The Secretary of State to the Consul at Geneva ( Gilbert )
100. The Secretary requests that you deliver the following message at once to the Chairman of the Second Committee of the League of Nations Assembly:
“I have observed with the greatest of interest that many important governments of the world, as represented in the Committee of which you are Chairman, have reached close accord on an economic program [Page 523] designed to assure a fuller and more satisfactory restoration of industry and commerce. These far-reaching conclusions of your Committee possess great weight since the Committee comprises members of the actual governments in office in most of the important trading countries of the world, selected because of their special competence and assigned to the task of considering economic questions.
“The world will note that a leading conclusion of your Committee is that the adoption of more liberal international trading policies is ‘indispensable’ to further recovery. It will be understood that the definite recommendations made by your Committee take into account the difficulties which face many governments in lessening the existing impediments to the exchange of goods and that your Committee proposes a method by which commercial policies can here and now be directed along liberal lines despite these difficulties. To this end your Committee has recommended the conclusion of bilateral trade agreements pointing out that the beneficial effects of such agreements will be the more widespread when based upon the principle of the most-favored-nation clause. The circumstance that following upon the great economic disturbances of the recent past the nations, speaking through the specially qualified governmental representatives that make up your Committee, show such a consensus of judgment is most dramatic and encouraging.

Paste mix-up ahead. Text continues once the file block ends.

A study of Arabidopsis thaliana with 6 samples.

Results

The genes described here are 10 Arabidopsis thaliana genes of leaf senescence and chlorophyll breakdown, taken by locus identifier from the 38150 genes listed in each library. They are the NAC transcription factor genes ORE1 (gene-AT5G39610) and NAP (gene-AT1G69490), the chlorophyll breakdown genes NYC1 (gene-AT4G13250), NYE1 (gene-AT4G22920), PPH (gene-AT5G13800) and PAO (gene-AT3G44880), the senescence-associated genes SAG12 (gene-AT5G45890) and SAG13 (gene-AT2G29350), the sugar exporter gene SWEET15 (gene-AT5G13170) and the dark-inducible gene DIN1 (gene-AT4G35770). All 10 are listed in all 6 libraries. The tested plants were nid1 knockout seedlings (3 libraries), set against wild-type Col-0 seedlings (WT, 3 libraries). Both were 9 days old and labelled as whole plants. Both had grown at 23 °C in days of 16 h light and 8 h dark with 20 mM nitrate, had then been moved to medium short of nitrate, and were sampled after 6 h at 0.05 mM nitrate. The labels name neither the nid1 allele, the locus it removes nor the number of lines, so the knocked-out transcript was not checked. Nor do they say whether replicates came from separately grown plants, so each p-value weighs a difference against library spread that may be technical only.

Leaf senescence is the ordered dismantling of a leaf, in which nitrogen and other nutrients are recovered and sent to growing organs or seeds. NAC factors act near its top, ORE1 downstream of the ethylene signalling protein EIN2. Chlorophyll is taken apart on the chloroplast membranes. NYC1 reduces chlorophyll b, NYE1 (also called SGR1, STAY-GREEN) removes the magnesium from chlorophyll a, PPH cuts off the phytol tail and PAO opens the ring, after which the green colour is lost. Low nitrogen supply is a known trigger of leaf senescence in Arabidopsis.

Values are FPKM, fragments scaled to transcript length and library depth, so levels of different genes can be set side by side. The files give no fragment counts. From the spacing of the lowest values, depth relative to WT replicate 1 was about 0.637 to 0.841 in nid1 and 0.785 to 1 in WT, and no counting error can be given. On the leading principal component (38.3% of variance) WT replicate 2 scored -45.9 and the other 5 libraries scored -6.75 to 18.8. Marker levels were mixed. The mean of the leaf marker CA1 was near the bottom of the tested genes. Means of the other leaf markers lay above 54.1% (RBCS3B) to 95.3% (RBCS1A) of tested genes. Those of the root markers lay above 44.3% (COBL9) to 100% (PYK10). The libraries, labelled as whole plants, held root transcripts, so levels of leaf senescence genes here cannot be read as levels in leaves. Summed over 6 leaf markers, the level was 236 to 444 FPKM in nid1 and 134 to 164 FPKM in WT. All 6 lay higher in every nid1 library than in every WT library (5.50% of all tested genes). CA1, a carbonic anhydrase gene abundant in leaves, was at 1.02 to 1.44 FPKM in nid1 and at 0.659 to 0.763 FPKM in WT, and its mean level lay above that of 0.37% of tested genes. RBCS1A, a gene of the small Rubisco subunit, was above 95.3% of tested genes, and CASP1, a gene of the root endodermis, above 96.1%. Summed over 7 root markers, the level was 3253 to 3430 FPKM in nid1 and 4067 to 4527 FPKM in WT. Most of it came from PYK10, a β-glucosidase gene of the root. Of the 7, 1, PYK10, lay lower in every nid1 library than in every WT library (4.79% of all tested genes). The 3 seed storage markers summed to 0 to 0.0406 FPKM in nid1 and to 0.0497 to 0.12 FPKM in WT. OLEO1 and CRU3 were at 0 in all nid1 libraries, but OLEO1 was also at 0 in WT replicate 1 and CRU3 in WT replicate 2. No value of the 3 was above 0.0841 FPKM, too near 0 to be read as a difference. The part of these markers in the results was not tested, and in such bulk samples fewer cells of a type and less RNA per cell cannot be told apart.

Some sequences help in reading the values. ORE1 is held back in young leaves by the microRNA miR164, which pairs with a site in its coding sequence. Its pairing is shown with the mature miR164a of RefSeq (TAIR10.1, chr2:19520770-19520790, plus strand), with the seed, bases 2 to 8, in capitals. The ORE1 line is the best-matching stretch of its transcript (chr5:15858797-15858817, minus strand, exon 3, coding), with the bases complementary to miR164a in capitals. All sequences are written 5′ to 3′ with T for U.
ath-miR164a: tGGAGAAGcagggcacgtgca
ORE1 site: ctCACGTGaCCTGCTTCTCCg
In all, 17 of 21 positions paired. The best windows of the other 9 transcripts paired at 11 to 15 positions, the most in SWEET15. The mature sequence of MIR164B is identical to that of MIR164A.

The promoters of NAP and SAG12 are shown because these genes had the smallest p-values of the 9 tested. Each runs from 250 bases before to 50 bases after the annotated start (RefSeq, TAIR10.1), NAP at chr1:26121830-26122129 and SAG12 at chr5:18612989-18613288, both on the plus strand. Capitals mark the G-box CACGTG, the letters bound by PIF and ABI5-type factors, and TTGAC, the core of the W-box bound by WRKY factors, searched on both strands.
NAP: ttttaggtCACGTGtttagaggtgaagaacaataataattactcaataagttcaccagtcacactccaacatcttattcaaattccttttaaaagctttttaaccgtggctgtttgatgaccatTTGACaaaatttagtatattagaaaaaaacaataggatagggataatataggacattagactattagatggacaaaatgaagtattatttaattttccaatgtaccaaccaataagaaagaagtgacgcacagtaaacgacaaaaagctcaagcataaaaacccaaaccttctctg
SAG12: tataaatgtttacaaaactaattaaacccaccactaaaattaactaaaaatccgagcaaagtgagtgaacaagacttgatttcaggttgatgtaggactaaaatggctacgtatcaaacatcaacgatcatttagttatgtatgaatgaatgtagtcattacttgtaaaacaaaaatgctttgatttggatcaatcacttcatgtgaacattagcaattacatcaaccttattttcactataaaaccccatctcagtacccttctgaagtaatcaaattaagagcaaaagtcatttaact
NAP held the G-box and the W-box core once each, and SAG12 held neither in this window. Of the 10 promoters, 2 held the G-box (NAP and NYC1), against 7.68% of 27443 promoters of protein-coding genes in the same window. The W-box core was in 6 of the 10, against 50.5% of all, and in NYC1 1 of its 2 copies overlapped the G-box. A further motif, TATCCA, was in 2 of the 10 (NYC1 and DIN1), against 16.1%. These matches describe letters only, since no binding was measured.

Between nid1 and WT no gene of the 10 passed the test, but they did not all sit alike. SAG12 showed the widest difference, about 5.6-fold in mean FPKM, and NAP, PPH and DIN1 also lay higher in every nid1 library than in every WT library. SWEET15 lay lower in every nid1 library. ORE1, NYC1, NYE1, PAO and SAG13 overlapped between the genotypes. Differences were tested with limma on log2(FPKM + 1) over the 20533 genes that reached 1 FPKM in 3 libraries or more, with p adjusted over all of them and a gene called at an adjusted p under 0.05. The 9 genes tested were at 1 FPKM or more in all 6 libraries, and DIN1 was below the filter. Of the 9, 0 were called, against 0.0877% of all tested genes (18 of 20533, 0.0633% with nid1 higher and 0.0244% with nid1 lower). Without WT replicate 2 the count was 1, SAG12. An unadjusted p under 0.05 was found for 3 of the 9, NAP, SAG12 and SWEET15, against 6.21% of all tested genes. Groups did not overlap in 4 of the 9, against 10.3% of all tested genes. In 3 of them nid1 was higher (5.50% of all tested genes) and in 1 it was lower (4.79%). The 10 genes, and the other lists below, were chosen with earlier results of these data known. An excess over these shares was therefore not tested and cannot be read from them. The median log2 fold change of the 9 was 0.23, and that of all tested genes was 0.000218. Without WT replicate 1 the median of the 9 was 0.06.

“The proposed program assumes, no doubt, that each country will continue to develop its economy on domestic lines as fully as sound business calculations may justify, but recognizes fully the economic fact, which has been demonstrated by bitter experience, that full and stable business prosperity, full employment of labor at satisfactory wages, and the need of a secure foundation for peace, would all require the restoration of a normal volume of international trade.
“I have absolute faith that patience and political courage on the part of all, acting simultaneously as is contemplated in the resolutions, will make realities of the recommended action.”